Highlands & Islands

Inverness man who throttled girl gets community service

Inverness Sheriff Court Image copyright Thinkstock
Image caption Inverness Sheriff Court heard that Flint-Elkins was a first offender

A man who throttled a 12-year-old girl until she collapsed unconscious has been ordered to carry out unpaid community work.

Paul Flint-Elkins, 20, of Inverness, assaulted the girl after she called him "chicken", an earlier hearing at Inverness Sheriff Court was told.

The child was among a group of girls jumping between walls near Ashie Lane in Inverness in March last year.

Flint-Elkins said he could do the same before refusing a dare to do so.

Sheriff Margaret Neilson agreed with a submission by defence lawyer Duncan Henderson that Flint-Elkins could be dealt with by a community-based disposal.

He was ordered to carry out 200 hours of unpaid community work as an alternative to prison.

Flint-Elkins had earlier pleaded guilty to assaulting the girl by seizing hold of her, placing his hands round her neck and compressing her throat until she lost consciousness and to the danger of her life.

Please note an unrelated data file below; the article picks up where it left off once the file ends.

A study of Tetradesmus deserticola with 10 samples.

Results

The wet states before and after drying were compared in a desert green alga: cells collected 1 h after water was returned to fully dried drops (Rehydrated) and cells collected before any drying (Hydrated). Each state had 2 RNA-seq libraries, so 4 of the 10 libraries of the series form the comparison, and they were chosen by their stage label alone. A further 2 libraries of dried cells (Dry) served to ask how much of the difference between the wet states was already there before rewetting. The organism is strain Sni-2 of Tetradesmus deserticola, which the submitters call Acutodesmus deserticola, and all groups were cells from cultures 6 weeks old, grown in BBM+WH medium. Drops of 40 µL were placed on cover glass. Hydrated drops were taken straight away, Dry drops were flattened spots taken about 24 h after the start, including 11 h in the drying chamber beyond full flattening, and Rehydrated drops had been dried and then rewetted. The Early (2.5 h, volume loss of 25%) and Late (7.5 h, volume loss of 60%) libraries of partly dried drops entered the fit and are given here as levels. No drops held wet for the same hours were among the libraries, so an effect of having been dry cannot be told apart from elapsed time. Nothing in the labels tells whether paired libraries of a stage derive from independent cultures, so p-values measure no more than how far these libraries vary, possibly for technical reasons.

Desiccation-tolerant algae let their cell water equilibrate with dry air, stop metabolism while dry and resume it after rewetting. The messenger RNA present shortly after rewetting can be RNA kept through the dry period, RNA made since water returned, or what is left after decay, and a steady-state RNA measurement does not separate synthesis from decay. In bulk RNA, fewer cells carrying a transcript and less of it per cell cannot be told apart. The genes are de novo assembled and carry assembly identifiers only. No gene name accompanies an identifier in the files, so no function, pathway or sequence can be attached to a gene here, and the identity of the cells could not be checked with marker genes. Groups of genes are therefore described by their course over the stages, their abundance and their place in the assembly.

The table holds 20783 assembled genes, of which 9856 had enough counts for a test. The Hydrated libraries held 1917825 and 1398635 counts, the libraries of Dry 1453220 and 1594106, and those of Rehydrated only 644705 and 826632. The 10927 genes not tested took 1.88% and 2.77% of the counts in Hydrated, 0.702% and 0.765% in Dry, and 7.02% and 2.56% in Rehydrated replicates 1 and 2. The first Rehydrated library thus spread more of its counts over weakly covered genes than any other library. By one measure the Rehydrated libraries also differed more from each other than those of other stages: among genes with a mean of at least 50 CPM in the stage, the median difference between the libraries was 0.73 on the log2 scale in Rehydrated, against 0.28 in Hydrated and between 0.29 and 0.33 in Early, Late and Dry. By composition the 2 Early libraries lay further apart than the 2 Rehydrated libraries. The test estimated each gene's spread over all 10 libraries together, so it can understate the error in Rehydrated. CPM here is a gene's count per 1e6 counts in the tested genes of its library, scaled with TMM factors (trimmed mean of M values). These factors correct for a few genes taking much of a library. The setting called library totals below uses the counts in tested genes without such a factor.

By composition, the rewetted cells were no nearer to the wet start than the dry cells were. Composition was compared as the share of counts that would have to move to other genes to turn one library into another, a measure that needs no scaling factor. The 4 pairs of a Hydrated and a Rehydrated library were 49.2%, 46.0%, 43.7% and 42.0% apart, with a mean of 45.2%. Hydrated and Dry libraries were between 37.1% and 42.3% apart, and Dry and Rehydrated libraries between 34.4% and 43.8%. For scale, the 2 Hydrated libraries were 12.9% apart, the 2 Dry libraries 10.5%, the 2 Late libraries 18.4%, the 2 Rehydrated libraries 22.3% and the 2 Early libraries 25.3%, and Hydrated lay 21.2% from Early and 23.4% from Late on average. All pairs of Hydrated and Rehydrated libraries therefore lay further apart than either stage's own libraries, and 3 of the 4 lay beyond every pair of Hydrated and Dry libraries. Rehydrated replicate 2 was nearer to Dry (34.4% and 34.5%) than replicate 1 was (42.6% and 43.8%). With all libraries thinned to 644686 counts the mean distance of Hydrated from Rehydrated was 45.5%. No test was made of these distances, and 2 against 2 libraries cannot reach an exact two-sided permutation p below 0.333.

'Very angry'

Fiscal depute Roderick Urquhart told Sheriff Neilson that his crime "was reckless immaturity".

Mr Urquhart added: "The girls were jumping from wall to wall or garage roof and he said he could do that.

"One of the girls dared him and offered him a sum of money but he changed his mind.

"Then his victim called him 'chicken.' He was very angry and he used both hands to squeeze her throat until she went white in the face and sank into unconsciousness."

The court heard first offender Flint-Elkins told the girl's friends she was "lucky he let go of her this time".

Police were called when the father of one of the youngsters heard them screaming.

Mr Henderson told the court: "I am instructed to apologise to the girl, her family and all who were present during the assault."